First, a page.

The flaming torch I held lit up the night as the rain, driven by the wind, lashed at our faces. We were climbing a hill to stand at the foot of 3 crosses perched on the edge of a cliff. It was the beginning of a men’s ministry weekend at Lee Abbey on the North Devon coast.
Our speaker began to talk. Slowly the worries and anxieties leading up to the weekend faded as God came into focus. The raw power of nature amplified the retelling of Jesus’s crucifixion.
We were invited to pick up a nail from the foot of the cross and to think about what Jesus’s torturous death meant for us. The nails were a physical a reminder of the cost Jesus paid and a challenge to us. He paid a horrific cost in order to make right our relationship with God. Honouring His sacrifice had to mean more that plodding through life with a weekly Karaoke session at church. Were we prepared to pay a cost and be the men Christ wanted us to be?
I returned to the pile of nails to pick up 3 more, 1 each for my wife, son and daughter. I knew that the cost God was asking me to pay was also a cost my family would have to pay as well.
I looked for 3 nails like mine yet though those on the ground were identical to each other none were like mine. It was unique amongst the nails that lay at the foot of the cross. It stood slightly apart from the rest. I held my family of nails tightly in my hands; they were to accompany me throughout the weekend.
Talks were interspersed with activities, each brought a challenge and a lesson from God. Discerning just what He was trying to tell us would become almost overwhelming, and certainly not possible over the course of a single weekend.
Sitting on the beach at sunset the next day we were taken back to after the resurrection. As the disciples fished Peter saw Jesus on the shore and jumped into the water to get to Him. Jesus asked if he loved Him, not once but three times. Jesus was drawing out the pain that Peter felt from denying Jesus 3 times as He was led to the cross.
As we watched the sun set and listened to the waves crash against the rocks, we were challenged to respond to the question Jesus had repeatedly asked Peter. I took myself off to the far side of the bay, away from everyone else. I became Peter.
“Do you love me?”, Jesus asked.
“…I don’t know”, I replied. I was shocked by what I had just said. It wasn’t was I was supposed to have said.
“Do you love me?”, Jesus asked again.
“…yes, but I am afraid to love you”, I replied.
“Do you love me?”, Jesus asked once more.
“Yes, I love you”, I said with a greater sense of confidence.
“Then trust me”.
I needed some help. I sought out a trusted friend, a friend who had been part of so many milestone events in my journey of faith. As we turned away from the group and faced the waves the tears began to fall from my eyes.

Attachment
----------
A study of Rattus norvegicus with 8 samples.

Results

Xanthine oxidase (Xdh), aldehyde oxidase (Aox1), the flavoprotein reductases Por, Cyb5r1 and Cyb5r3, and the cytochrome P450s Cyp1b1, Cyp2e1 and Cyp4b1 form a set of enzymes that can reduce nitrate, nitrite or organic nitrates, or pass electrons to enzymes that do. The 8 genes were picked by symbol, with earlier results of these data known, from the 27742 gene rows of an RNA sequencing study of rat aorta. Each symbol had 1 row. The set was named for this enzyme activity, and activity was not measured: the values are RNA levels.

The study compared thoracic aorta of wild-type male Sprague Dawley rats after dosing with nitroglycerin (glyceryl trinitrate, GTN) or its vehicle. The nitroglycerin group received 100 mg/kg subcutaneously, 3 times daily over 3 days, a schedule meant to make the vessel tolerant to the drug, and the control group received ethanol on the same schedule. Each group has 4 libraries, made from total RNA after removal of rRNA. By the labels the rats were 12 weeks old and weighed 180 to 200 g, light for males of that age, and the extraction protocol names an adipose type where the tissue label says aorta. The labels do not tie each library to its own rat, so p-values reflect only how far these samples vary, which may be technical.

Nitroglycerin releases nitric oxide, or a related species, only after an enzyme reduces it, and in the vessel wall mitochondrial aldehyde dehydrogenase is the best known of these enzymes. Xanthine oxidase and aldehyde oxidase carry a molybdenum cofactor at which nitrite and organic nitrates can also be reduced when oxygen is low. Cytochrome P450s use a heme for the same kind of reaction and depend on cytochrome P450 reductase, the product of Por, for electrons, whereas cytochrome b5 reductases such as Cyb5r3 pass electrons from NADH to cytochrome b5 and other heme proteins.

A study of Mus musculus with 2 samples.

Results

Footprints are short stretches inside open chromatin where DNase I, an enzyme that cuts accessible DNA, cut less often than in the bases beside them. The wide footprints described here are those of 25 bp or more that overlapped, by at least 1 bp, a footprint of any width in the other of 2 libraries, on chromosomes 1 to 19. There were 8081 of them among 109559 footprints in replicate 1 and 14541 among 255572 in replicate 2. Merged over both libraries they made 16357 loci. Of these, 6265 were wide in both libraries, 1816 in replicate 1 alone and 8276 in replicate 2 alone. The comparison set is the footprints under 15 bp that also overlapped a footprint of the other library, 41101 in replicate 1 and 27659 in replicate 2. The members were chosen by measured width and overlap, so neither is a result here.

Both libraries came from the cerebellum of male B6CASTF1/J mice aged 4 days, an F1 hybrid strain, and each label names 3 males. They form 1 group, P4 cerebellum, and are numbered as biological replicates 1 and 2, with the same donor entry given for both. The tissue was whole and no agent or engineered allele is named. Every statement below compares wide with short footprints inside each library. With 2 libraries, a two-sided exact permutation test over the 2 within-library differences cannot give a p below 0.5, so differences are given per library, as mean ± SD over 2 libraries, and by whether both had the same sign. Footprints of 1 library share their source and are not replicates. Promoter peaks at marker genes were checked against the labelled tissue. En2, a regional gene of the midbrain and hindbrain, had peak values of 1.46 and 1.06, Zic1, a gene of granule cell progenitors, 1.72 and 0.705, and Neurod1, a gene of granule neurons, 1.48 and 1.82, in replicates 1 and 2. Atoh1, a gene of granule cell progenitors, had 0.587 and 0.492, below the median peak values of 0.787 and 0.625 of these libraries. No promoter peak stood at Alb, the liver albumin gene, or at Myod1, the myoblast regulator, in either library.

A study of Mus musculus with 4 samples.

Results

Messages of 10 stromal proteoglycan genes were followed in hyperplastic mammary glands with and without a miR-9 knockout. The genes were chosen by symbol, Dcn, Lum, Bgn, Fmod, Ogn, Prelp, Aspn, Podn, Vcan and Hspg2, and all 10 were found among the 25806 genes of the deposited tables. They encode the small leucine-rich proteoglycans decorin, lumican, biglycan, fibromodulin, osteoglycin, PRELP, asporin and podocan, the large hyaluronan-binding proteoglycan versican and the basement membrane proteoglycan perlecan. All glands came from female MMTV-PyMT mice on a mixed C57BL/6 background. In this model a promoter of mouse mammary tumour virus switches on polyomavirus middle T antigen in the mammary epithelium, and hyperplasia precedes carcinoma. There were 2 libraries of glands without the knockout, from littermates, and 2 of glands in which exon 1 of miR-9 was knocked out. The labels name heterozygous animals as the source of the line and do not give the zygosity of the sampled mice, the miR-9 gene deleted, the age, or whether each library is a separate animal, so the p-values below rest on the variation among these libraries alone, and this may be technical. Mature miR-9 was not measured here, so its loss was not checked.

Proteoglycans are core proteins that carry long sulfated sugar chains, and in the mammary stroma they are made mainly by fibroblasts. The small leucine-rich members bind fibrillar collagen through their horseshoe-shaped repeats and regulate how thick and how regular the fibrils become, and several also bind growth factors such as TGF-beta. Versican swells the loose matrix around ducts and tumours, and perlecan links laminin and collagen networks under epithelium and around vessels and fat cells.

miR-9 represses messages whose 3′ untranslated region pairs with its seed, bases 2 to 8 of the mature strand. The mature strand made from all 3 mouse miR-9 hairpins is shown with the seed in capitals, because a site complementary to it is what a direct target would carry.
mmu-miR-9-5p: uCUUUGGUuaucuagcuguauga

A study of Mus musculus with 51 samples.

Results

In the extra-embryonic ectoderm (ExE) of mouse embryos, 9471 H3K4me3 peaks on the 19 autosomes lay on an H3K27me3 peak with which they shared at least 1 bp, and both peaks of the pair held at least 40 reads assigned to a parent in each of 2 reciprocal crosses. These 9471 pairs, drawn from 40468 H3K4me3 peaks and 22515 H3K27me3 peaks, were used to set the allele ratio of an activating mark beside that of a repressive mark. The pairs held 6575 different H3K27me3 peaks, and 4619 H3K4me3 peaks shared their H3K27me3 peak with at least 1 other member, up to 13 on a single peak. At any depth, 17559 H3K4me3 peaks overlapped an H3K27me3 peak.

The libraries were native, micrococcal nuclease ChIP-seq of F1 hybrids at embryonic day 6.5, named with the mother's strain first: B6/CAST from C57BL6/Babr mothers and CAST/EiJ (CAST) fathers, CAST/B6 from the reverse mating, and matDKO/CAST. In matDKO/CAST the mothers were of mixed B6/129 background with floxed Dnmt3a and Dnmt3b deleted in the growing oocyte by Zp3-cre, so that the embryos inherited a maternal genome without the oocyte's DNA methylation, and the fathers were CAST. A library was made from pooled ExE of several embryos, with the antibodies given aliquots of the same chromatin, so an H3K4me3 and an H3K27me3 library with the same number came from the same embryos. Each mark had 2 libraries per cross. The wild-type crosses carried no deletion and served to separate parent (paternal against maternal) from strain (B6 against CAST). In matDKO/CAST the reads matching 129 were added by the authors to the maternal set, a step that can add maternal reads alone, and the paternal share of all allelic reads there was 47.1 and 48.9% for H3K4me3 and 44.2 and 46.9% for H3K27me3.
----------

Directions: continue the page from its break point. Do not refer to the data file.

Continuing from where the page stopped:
The potential cost my son might have to pay, the cost that I had paid as a child (see my previous post), had highlighted a bigger issue that God knew needed dealing with: trust.
If you love someone you should be able to trust them. I thought I loved Jesus but I was struggling to trust Him. If I couldn’t trust Him I was going to struggle to be able to let Him transform and prepare me for the path ahead.
“…we became aware that God was expecting something from us… and we would like to pay close attention to the vocation that God places in the heart of every Christian… so running away from God’s call is out of the question”, Brother Roger, Taize Community.
We gathered at the crosses once more for communion. As I sought out a space to reflect on Brother Roger’s words I saw a tree which reminded me of Jonah. He had initially run away from God’s call but repented and did as he had been asked, yet afterwards felt anger at the Lord’s compassion on Nineveh.
I wasn’t angry with God but the tree did provide a welcomed shelter from the noise of the buffeting wind that rocked the crosses in front of me.
In the stillness I felt Jesus ask me, “So, do you trust me?”.
My replay came, “Yes, I trust you… but I am afraid”.
I stayed underneath that tree for a while, staring at the crosses ahead of me. When I left I did so knowing that Jesus meets us where we are. He feels what I feel, he understands my fears. He will minister to me if I let Him and He will provide not just what I need but what my son, my daughter and my wife needs.
There was much more that happened during the weekend away. There was much more that God had to tell me about ministry and fellowship, about challenging preconceptions and the wisdom of my wife but that is not for this post.
I decided against going to the final activity of the weekend. God had proved His point, I knew that I needed to improve my ability to trust Him. Work done, I was given a parting gift: it was time to revel in His the beauty and power of the landscape He had placed in front of me.
2 thoughts on “State of love and trust”
This was so helpful to me today. Exactly where I find myself – in the discernment process but with difficulty trusting Him – that He has called me, that He has it all worked out for my son, my daughter, my husband. Beautifully written and very helpful in ministering to me today.
Thank you. It’s not easy but it is worth it. I’ll be holding you and your family in my prayers.